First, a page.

Palm Springs, CA, August 24, 2009 --(PR.com
)-- The California Tow Truck Association
(CTTA) applauds the San Bernardino City Council members who unanimously voted to reject the proposal presented by the San Bernardino Police Department to create a city run impound yard on Monday, August 17, 2009.
According to an article in the Contra Costa Times on August 17, 2009, the council voted 6-0 to reject the proposal. The initial proposal had generated strong opposition from San Bernardino towing contractors who expressed fear that the plan would force them to do without revenue sources that they need to survive.
“CTTA is pleased that the San Bernardino City Council unanimously voted to reject a city run impound yard. It appears that the City Council concluded that cities and counties should not be competing with private sector business and is sensitive to the small businesses that serve their community,” states Jeff Hunter, CTTA Executive Director.
Realizing that many towing companies have invested hundreds of thousands and in some cases millions of dollars purchasing equipment, land, and facilities to comply with the requirements to tow for cities and counties under current contracts, the CTTA Board of Directors is taking a strong stance in opposition to governmental entities engaging in unfair competition in the towing industry, and is currently exploring all avenues to assist privately owned towing companies in California to combat this growing trend.
“In these hard times and period of budget challenges, we applaud the principled approach the San Bernardino City Council chose to take to preserve, rather than destroy, small businesses in their community. Based on their decision to reject the proposal it appears that the members of the City Council realized that this was not the answer to deal with the city’s own structural deficit issues,” states CTTA President James Kruger. “Creating a new governmental program like a city-run tow yard would expand the bureaucracy and create a larger payroll for the city.”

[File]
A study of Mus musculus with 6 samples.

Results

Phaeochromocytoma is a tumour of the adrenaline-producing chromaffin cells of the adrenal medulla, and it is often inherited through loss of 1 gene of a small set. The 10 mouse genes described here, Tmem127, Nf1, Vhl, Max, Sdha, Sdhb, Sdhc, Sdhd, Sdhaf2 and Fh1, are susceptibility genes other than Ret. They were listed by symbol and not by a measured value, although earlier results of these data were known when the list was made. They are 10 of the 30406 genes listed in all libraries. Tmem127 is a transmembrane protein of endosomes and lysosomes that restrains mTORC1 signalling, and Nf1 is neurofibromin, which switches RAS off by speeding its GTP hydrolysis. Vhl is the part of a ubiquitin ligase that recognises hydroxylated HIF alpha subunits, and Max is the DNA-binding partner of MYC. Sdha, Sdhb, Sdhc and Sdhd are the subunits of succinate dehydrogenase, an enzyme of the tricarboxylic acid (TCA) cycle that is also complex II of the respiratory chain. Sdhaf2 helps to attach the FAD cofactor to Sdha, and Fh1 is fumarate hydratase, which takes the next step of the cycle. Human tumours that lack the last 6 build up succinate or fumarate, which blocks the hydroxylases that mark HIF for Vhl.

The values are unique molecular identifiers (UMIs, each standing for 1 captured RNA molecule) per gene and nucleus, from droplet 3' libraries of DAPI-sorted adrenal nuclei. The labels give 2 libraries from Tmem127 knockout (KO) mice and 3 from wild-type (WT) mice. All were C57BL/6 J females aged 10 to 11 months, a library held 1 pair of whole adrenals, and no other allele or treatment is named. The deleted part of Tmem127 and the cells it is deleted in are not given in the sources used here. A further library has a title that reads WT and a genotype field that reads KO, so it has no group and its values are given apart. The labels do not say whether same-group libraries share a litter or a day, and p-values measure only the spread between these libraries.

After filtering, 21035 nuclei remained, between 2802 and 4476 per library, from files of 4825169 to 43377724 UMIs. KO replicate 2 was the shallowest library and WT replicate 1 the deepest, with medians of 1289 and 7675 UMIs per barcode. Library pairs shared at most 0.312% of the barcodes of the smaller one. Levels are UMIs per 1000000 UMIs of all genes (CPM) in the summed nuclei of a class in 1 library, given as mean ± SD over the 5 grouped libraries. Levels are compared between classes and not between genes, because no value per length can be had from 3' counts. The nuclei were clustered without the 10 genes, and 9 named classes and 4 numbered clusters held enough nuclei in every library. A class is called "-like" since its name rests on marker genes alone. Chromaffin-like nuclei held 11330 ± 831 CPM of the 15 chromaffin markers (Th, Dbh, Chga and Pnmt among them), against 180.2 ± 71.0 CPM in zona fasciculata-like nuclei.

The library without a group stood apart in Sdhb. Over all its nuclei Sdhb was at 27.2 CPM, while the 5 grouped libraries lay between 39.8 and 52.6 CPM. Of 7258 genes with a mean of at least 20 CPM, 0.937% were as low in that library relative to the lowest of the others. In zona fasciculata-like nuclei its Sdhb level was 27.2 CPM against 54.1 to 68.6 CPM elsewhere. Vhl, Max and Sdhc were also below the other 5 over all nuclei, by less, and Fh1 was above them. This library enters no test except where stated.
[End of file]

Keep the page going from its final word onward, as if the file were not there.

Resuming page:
“Cities and Counties must face the fact that destroying small businesses in their communities, ultimately destroys a vital means of production in a balanced economy. Cities and counties do not have the equipment, experience, or training to perform the wide variety of towing and storage services that our members provide. Cities and counties should take actions to create business opportunities that add sustainable value rather than destroying industries, which deliver public service to their communities. Most of our members are small businesses who have been serving their communities for decades,” declares CTTA President James Kruger.
“Cities and counties that open their own towing and/or storage business, in essence, are willing to have services diminished within the community. CTTA strongly encourages cities and counties currently contemplating entering the vehicle storage business to realize that this is not an appropriate resolution to assist in resolving their financial shortages. CTTA recommends that they take a closer look at the rationale used by the San Bernardino City Council when they voted unanimously to reject the proposal that was presented to them by the San Bernardino Police Chief,” expressed CTTA Executive Director, Jeff Hunter. “Our Association will continue to monitor this issue and evaluate appropriate measures to take to assist our over 1000 towing company members throughout California,” states Mr. Hunter.
About the California Tow Truck Association
Founded in 1969, the CTTA was established to provide a means of united efforts in the solution of problems, and to administer such action as might be deemed necessary to benefit the towing industry, to communicate with government agencies on a state and local basis, and to provide a concerted effort toward giving the Towing Industry a better public image and the professional status it deserves.